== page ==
In Terms of Safety, Airlines Emerge from ‘Disappointing’ 2010
London-based aerospace consultancy and equipment appraiser Ascend characterized 2010 as “a disappointing year” in terms of airline safety, as both the number of fatal accidents and total fatalities increased over previous years. According to Ascend’s data, the number of fatal accidents increased 22 percent, from 23 in 2009 to 28 last year. The incidence of fatal accident for 2010 also slightly exceeded the annual average for the last decade (27.2), but still finished better than the 1990s’ average of 37.6.
In terms of fatal accident rates, Ascend characterized 2010 as “poor,” particularly compared with 2009–the safest year on record. The fatal accident rate increased from one in 1.5 million flights in 2009 to one in 1.3 million last year. However, 2010 still compared favorably with earlier years as, apart from 2009, only 2007 and 2006 produced better accident rates.
Meanwhile, consistent with the increase in total fatal accidents, the total number of passengers and crewmembers killed rose from 731 during 2009 to 828 in 2010, yielding a 13-percent increase. Last year’s fatality total even exceeded the decade average of 794; compared with the 1990s’ average of 1,128, however, 2010 showed an improvement of 27 percent.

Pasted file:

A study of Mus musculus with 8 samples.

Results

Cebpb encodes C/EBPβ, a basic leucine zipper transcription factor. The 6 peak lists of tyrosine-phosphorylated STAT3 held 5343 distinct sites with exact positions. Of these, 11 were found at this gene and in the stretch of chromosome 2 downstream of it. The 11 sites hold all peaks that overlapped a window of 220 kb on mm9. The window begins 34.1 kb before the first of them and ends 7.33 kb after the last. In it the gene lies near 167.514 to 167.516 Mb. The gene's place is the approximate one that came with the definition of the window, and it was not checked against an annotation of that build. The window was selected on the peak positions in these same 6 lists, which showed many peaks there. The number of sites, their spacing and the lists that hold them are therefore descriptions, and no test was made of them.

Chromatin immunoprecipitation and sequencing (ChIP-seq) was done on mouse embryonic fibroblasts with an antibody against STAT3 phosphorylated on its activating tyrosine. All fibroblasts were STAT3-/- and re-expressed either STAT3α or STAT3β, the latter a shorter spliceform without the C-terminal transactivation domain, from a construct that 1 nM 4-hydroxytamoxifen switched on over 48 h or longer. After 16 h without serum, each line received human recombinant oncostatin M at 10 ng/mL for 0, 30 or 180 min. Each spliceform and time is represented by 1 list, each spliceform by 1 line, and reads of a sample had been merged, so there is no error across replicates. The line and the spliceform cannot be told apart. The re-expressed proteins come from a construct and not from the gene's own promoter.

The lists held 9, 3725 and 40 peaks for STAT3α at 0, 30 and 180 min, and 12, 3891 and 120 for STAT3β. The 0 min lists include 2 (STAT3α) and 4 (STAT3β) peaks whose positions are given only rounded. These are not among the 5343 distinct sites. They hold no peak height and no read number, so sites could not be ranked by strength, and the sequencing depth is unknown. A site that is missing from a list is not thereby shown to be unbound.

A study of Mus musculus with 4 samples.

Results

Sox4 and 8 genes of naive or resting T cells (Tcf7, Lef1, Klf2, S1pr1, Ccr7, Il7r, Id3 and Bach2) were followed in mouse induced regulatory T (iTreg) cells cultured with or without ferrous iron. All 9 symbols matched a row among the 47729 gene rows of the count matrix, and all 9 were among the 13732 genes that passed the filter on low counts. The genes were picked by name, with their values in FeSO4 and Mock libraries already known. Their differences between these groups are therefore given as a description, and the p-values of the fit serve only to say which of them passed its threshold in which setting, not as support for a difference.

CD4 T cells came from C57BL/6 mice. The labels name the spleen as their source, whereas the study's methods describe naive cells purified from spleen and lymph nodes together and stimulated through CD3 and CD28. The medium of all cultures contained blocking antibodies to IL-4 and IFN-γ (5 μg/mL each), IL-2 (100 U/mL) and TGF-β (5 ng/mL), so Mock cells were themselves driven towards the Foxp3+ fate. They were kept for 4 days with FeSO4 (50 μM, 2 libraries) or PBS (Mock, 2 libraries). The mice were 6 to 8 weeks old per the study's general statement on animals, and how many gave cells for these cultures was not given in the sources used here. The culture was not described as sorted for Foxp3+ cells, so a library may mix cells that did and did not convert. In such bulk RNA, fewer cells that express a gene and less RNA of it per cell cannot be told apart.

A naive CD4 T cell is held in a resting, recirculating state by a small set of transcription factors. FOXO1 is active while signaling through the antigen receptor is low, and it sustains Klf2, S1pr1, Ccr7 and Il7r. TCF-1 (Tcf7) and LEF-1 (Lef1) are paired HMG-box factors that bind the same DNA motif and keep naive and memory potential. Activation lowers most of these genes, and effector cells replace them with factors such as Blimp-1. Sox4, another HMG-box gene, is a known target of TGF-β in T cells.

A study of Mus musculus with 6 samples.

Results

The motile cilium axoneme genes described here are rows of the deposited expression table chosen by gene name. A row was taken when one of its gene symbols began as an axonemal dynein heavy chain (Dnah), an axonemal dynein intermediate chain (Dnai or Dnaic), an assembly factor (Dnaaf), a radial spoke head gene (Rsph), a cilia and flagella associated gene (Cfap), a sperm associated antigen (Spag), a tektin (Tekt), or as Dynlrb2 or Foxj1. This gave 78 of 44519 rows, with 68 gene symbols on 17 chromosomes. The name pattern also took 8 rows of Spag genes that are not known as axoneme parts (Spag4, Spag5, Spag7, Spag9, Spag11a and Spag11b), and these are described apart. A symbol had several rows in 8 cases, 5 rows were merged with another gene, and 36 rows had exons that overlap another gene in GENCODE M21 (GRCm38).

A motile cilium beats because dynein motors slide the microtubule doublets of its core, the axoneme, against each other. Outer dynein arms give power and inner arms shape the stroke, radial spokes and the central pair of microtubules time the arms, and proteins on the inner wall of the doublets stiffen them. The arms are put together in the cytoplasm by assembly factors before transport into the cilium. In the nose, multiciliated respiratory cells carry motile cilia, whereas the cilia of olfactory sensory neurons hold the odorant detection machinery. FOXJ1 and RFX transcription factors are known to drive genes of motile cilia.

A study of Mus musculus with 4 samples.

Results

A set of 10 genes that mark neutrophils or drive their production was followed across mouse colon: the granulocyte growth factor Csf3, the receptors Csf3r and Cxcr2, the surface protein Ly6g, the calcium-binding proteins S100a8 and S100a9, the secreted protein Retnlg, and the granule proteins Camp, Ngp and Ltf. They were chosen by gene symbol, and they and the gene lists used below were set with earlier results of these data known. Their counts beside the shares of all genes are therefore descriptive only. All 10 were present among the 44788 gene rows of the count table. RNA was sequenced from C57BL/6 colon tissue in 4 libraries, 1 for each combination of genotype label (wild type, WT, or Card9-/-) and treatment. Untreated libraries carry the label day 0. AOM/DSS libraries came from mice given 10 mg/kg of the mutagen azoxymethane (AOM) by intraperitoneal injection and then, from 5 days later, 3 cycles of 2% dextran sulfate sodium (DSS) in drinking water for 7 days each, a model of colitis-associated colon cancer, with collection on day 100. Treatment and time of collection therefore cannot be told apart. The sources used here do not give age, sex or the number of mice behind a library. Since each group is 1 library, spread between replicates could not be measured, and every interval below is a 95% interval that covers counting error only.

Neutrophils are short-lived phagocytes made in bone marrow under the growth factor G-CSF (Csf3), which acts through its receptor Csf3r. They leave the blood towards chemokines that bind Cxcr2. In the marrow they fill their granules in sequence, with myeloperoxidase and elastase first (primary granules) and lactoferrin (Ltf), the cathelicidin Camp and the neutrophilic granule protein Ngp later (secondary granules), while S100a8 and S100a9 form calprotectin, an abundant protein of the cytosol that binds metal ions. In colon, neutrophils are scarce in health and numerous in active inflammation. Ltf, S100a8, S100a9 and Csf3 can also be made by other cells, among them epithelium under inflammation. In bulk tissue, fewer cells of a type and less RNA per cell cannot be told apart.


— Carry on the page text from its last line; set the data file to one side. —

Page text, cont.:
In fact, despite the relatively weak showing in 2010, the airline industry ended the decade with a far better safety record than it posted in the 1990s. Although almost 8,000 passengers and crewmembers died in airline accidents in the last decade, the 1990s saw 11,280 deaths. On average, some 330 fewer passengers and crewmembers died in airline accidents each year since 2000 than during the 1990s.
All told, the airline industry tallied 100 fewer fatal accidents during the last decade than during the 1990s, when the number of fatal accident averaged 37.6. During the 2000s, the annual average finished at 27.2.
Ascend estimated that the cost of incurred airline hull and legal liability losses last year totaled about $2.15 billion. Although that figure compared favorably with 2009’s losses of some $2.52 billion, it still managed to exceed the estimated $2.1 billion of insurance premium written during the calendar year. The company also noted that the estimated cost of losses incurred has either nearly matched or exceeded premium each year since 2007. Written premium from 2007 through 2010 totals about $7.3 billion while losses stand at some $8.2 billion.